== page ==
ASU students receive Boren Scholarships to study abroad
Five Arizona State University students have been awarded undergraduate Boren Scholarships to study abroad during the 2012-13 academic year. The scholarships help cover travel expenses, room and board, tuition and fees.
David Choi, a junior majoring in mathematics and economics and a student in Barrett, The Honors College at ASU, will study Korean at the Best Friend Korean Culture & Language Center in Seoul, South Korea, for four weeks followed by mathematics classes at Korea University in Seoul throughout the summer.
Paula Crawford, a senior majoring in business and political science, will study Albanian at the American University in Prishtina, Kosovo.
Jesus DeLintt, a senior majoring in Spanish language and literature and a Barrett Honors College student, will study Arabic at the University of Jordan in Amman, Jordan.
Melisa Frost, a senior majoring is Slavic languages and literature and political science, will study Russian or Farsi. The country in which she will study will be determined.
Danica Harvey, senior majoring in Chinese languages and literature and economics and a Barrett Honors College student, will study Mandarin at the Institute for Foreign Students at Nanjing University in Nanjing City, China, followed by a semester-long internship, also in China.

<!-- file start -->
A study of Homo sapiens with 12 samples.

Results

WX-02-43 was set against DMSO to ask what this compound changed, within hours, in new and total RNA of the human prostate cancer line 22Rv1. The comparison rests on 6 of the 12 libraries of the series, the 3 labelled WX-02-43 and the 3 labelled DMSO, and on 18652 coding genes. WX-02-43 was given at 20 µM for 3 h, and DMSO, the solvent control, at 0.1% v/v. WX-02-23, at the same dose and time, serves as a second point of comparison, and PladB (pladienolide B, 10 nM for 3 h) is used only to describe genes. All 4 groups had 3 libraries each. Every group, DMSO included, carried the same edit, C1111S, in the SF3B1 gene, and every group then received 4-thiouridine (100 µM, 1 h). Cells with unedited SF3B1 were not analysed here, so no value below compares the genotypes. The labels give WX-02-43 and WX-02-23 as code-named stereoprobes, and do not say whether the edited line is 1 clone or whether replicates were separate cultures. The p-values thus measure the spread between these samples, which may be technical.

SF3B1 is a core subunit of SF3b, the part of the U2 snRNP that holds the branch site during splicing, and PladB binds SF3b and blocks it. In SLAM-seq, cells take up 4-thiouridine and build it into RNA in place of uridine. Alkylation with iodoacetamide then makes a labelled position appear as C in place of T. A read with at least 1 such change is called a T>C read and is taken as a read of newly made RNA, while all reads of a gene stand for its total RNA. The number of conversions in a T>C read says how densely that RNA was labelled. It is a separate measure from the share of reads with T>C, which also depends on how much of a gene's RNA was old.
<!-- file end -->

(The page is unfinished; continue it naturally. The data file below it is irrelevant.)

David L. Boren Scholarships are sponsored by the National Security Education Program (NSEP), a major federal initiative designed to build a broader and more qualified pool of U.S. citizens with foreign language and international skills. Boren Awards provide U.S. undergraduate students with resources and encouragement to acquire language skills and experience in countries critical to the future security and stability of our nation. In exchange for funding, Boren Award recipients agree to work in the federal government for a period of at least one year. “The National Security Education Program,” according to Michael A. Nugent, director of NSEP, “represents an essential component of a comprehensive national security strategy to address serious and long-time deficiencies in critical language expertise.”
For the third consecutive year, the Institute of International Education, which administers the awards on behalf of NSEP, received a record number of applications for the undergraduate Boren Scholarship. This year, 1014 undergraduate students applied for the Boren Scholarship and 161 were awarded. Boren Scholars will live in countries throughout Africa, Asia, Central and Eastern Europe, Eurasia, Latin America, and the Middle East and will study 39 different languages. The most popular languages include Arabic, Mandarin, Swahili, Russian, Portuguese, and Japanese.
“Never in our history has it been more important for America's future leaders to have a deep understanding of the rest of the world,” said University of Oklahoma President David Boren, who as a U.S. Senator was the principal author of the legislation that created the National Security Education Program and the scholarships that bear his name. “As we seek to lead through partnerships, respect for and understanding of other cultures and languages is absolutely essential.”